You're in an emergency room. You're worried. OK, maybe that's an understatement. Maybe you're terrified. This may not be the setting in which you always make your best decisions. But you won't get to take back any of the decisions you make in an ER, so you have to make the best decision you can the first time.
Assuming that you don't have an immediately apparent catastrophic illness, here are four questions you can ask your doctor that may save you time and money — and perhaps even spare you or your child one of the complications that are sometimes associated with medical care.
•Is this antibiotic really necessary? Antibiotics can be lifesaving in severe bacterial infections. But the Centers of Disease Control and Prevention has identified antibiotic overuse as a major public health problem leading to the development of resistant "superbugs" that kill many of the "helpful" bacteria that normally live in our bodies and causing complications including diarrhea and yeast infections. Some researchers believe that antibiotic overuse may even be related to asthma, obesity, inflammatory bowel disease, and diabetes in children.
A great majority of upper respiratory illnesses, such as the common cold, flu, sinusitis, ear infections, sore throats and bronchitis, are caused by viruses. Antibiotics kill only bacteria, so they are not helpful in most of these common illnesses.
•Is this CT scan really necessary? Computerized tomography is one of the true marvels of modern medicine. These imaging studies are so fast, and so good, that CT use has exploded to more than 70 million scans in the U.S. annually. But CTs have two little drawbacks: They carry a lot of radiation, and they're expensive.
How much radiation? One CT of the abdomen and pelvis exposes a patient to roughly the same radiation as 400 to 500 chest X-rays. This is important because radiation increases the lifetime risks of developing cancer, particularly in patients under 30. And the more CTs incurred, the greater the risk. Research published in the Archives of Internal Medicine has estimated that about 2 percent of future cancers will result from CT radiation. Children face the highest risks, both because they are much more sensitive to radiation and because they have more time to develop cancer.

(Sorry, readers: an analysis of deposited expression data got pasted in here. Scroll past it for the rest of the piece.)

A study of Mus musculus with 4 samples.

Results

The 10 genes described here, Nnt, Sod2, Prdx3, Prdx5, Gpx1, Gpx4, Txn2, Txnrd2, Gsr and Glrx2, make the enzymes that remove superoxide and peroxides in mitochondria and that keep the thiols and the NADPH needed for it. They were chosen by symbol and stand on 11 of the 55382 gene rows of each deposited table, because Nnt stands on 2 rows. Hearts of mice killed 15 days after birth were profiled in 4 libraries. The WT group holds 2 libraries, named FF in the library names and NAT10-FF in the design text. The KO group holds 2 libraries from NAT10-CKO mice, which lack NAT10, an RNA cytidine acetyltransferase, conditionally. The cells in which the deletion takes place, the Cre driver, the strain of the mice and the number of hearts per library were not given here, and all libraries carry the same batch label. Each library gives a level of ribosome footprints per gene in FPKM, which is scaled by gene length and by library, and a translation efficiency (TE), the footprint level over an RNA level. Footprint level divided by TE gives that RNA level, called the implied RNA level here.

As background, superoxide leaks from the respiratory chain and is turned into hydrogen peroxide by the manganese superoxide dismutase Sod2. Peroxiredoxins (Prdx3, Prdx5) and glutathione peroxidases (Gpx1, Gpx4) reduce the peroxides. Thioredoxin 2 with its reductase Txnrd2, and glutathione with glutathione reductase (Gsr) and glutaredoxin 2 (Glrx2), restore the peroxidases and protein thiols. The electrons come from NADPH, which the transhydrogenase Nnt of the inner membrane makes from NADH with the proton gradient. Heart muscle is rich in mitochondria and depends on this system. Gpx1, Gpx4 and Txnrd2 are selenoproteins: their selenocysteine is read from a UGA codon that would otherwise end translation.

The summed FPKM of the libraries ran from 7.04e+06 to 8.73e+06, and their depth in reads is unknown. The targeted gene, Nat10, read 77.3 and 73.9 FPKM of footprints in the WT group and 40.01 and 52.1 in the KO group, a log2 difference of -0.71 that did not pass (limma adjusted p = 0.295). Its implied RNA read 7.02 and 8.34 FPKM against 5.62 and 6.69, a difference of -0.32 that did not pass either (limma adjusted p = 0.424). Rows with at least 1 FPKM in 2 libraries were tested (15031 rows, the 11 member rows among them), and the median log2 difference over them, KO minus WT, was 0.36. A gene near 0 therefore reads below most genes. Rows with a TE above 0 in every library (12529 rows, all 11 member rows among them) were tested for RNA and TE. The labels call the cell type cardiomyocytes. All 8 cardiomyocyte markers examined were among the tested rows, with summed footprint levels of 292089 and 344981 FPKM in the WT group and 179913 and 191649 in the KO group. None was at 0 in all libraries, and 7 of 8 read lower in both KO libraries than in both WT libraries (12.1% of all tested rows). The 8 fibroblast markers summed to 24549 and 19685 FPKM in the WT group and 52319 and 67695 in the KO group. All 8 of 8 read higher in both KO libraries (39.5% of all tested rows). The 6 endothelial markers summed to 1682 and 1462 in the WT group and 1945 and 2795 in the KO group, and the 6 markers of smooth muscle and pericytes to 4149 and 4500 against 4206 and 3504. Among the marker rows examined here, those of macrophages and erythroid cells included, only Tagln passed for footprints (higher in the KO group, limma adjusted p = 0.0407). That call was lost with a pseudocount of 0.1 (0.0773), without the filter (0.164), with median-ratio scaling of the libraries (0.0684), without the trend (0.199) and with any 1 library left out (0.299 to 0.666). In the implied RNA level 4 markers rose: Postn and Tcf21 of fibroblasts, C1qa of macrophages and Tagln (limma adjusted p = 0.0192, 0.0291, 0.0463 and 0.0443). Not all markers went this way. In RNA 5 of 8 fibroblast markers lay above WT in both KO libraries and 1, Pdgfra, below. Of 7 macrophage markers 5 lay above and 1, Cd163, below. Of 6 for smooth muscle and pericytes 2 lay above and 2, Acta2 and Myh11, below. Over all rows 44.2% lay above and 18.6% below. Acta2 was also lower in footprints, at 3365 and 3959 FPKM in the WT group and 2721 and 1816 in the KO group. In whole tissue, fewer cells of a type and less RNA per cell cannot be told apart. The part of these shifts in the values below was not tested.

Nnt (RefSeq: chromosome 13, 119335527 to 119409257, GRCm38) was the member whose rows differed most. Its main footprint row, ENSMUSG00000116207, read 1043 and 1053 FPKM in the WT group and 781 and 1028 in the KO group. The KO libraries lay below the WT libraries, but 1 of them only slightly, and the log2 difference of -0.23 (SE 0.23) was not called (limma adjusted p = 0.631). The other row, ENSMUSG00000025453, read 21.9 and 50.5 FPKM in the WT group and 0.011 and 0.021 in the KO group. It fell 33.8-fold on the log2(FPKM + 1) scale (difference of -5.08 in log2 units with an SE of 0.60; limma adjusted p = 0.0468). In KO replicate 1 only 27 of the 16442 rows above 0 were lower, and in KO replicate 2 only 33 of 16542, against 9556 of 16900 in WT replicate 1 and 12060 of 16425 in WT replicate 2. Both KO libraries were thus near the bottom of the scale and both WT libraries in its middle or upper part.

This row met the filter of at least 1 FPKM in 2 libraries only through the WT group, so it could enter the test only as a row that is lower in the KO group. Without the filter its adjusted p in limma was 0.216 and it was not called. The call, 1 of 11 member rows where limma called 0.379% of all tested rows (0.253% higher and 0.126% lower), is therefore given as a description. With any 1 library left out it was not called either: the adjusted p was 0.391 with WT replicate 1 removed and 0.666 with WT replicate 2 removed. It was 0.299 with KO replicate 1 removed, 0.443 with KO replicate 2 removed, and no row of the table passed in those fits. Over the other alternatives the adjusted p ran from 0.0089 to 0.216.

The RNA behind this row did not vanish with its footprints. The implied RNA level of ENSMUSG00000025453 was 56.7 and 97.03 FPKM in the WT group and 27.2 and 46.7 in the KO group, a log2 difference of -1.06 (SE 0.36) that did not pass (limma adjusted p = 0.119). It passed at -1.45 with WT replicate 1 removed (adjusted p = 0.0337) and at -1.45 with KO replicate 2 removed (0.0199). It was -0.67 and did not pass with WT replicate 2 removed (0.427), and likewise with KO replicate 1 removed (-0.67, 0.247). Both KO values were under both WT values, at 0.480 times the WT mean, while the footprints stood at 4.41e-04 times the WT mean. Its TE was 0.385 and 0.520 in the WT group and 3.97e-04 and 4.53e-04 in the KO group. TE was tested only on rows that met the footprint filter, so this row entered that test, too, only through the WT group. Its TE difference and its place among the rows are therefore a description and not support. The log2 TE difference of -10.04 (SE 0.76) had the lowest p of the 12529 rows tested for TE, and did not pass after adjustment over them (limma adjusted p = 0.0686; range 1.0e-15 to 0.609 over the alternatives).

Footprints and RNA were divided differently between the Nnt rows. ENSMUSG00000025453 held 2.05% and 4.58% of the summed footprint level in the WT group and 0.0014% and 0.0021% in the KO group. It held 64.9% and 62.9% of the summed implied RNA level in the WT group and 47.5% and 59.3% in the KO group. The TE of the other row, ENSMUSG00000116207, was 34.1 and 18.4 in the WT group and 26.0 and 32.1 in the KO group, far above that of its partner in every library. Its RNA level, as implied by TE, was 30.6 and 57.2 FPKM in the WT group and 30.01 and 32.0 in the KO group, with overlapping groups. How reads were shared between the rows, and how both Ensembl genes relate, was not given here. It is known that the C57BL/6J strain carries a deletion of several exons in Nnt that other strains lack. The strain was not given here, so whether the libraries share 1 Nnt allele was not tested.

Some researchers have estimated that as many as one-third of CT scans performed in the U.S. may not be medically necessary. Some could have been replaced by studies carrying less risk. Indeed, in some conditions, like minor head trauma or mild abdominal pain, your doctor's clinical judgment supplemented by close observation may be sufficient without a CT scan. Have a frank discussion with your doctor.
•Will this test really change how you would treat my illness? If a test will not alter the treatment prescribed for a given illness or condition, then the value of that test is called into question.
A common example would be performance of an imaging study, such as an MRI, for new onset of musculoskeletal low back pain. Even if you ultimately proved to have a herniated disc that required surgery, you would still likely be treated conservatively, initially with anti-inflammatory drugs and pain medication. That's because more than 90 percent of patients presenting with acute low back pain get better with no additional intervention. Only the 10 percent who do not improve will ultimately need to incur the expense of an imaging study, so it's low-risk to wait and see how it goes.
This same principle can apply to many other conditions.
•What is the probability that this illness or injury will have a bad outcome? Ultimately, the approach to diagnosing and treating an illness is often based upon statistical probability, and the risk tolerance of you and your doctor.
If your child falls off the jungle gym at school and hits his head, ultimately you and your doctor will decide whether or not to get a CT based on the probability that there has been dangerous bleeding into his brain. You will try to balance the risks of radiation from a CT against the risk of missing a bleed. At what odds will you be comfortable with not doing a CT and, instead, simply watching him carefully for signs of evolving head injury? At 1 chance in 10? One in a hundred? One in a thousand?
Obviously, these are often difficult and intensely personal decisions for which there is no clear right or wrong answer. You can arrive at a decision with which you are comfortable only through open discussion with your doctor. She should welcome that opportunity.
Remembering these four questions will help guide you through the labyrinth of decision-making that often characterizes an ER visit, and hopefully provide you with a little more peace of mind.
Dr. Bruce Foster, a native of Baltimore County, has served for 25 years as chief of emergency medicine at a Pennsylvania hospital. He is the author of the new book "Kiss Tomorrow Goodbye." He may be contacted through his website, www.dbrucefoster.com/.